Owl-Eye saw Act of Valor on Friday night. Lacking thumbs, I have to give it Two Eyes Open. This is a must-see, for several reasons.
First, it's a good flick. More on this below.
Second, it gives the Hollywood Establishment Lib Left a conniption fit. It runs counter to all their prevailing narratives but one.
Third, the last narrative from H.E.L.L.: that Americans want and need to watch stories that make soldiers the villain. Act of Valor topped the box offices for the weekend, grossing $24.7 million. Upwards of two million people laid out cash to watch it. That crackling you hear? It's the sound of H.E.L.L. freezing over.
Fourth: Seeing this movie will tell moviemakers that people want to see films that present the American armed forces as the good guys and our real enemies as the bad guys. Hollywood will keep looking for ways to undermine that, but independents like Relativity Media, who made Act of Valor, will find more investors for films like this one. (Shameless plug: Don't forget Declaration Entertainment; video here).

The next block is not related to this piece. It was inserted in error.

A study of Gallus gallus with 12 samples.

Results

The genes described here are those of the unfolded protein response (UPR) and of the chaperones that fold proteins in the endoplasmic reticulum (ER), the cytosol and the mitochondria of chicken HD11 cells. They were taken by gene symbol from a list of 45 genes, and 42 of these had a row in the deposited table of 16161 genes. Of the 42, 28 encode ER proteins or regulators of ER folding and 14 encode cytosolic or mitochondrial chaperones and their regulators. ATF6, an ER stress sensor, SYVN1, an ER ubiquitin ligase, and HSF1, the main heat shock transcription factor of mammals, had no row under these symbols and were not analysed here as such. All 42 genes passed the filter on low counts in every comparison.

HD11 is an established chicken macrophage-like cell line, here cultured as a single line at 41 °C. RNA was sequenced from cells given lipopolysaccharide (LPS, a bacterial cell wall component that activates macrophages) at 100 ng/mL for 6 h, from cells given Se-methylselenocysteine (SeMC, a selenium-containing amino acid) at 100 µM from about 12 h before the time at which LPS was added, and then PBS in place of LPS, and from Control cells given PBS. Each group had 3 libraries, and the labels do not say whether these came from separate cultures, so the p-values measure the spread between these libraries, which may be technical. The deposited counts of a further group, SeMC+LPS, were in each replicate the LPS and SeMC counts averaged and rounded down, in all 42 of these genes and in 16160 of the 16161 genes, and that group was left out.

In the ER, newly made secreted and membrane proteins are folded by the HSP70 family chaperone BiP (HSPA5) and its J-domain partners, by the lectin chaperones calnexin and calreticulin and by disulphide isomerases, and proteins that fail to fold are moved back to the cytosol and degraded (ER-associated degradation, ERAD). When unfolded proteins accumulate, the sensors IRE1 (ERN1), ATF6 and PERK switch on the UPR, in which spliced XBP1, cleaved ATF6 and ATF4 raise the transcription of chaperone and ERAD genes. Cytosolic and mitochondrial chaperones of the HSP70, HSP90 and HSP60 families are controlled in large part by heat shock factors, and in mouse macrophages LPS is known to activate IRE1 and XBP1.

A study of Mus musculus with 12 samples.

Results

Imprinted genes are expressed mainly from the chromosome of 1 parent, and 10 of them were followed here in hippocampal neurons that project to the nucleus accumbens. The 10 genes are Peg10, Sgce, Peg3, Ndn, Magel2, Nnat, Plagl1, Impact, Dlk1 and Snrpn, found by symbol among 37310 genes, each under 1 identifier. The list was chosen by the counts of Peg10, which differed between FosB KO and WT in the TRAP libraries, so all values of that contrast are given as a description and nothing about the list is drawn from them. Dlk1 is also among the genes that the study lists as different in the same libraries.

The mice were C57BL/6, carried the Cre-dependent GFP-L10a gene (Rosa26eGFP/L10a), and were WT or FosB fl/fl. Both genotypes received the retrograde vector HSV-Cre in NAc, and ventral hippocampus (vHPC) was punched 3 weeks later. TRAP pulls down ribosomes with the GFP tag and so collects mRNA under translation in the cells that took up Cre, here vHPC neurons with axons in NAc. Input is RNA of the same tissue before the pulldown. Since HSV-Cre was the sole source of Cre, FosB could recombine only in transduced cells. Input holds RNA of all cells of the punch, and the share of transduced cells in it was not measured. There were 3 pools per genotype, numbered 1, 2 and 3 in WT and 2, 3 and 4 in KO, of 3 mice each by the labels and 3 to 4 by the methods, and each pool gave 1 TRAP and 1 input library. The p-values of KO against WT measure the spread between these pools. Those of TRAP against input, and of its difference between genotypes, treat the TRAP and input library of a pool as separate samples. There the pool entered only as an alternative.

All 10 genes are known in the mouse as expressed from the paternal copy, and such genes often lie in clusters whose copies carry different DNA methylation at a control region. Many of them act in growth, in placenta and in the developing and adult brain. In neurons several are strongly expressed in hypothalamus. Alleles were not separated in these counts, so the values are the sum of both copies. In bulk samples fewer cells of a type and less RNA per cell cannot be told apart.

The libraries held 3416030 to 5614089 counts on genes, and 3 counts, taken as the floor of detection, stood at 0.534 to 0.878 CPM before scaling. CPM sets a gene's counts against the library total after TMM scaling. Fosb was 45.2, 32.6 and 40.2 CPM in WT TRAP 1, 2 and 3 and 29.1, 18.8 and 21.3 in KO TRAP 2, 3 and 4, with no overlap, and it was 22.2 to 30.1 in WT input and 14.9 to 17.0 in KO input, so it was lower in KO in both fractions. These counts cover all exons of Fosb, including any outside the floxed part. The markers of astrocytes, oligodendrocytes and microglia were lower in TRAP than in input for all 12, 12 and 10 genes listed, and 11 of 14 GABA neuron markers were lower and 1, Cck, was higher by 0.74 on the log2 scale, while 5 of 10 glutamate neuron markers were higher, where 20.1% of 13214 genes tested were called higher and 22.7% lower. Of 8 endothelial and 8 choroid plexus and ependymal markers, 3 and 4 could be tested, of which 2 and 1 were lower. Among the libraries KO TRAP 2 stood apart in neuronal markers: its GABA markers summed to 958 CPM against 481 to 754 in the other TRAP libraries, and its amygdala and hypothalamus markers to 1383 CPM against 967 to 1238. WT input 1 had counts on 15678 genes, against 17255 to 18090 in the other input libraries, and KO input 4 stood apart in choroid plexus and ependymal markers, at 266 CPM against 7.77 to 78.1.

Fifth, it should be said again: this is a damn good movie.
We are told that the actors are active-duty SEALs. This can't be completely true, since a few children appear as extras, and I suspect that some of the wives shown are also professional actors. Yes, there are moments when the acting is flat, but not desperately so, and probably as much the fault of the director as the actors. There isn't much in the way of character development either. But this is not a movie about character development. Nor is it a movie about explosions and chases, or about the tactical skills and techniques on display. As engaging as they are, these are just scenery. It's not even about the jeopardy, which drives the plot but not the story.
“If you're not willing to give up everything, you've already lost”
“If you're not willing to give up everything, you've already lost,” intones the narrator. It might have been said by Sun Tzu or by Tecumsah, and it's the heart of the movie: courage, valor, sacrifice; daily and forever. This is a story about CHARACTER, graven in stone ten feet high, about virtue rooted in bedrock and reaching for the sky.
It is about men living and dying as men should. Those who do are, in the words of the movie, “Damn Few.” See it and, if you weep, weep proudly.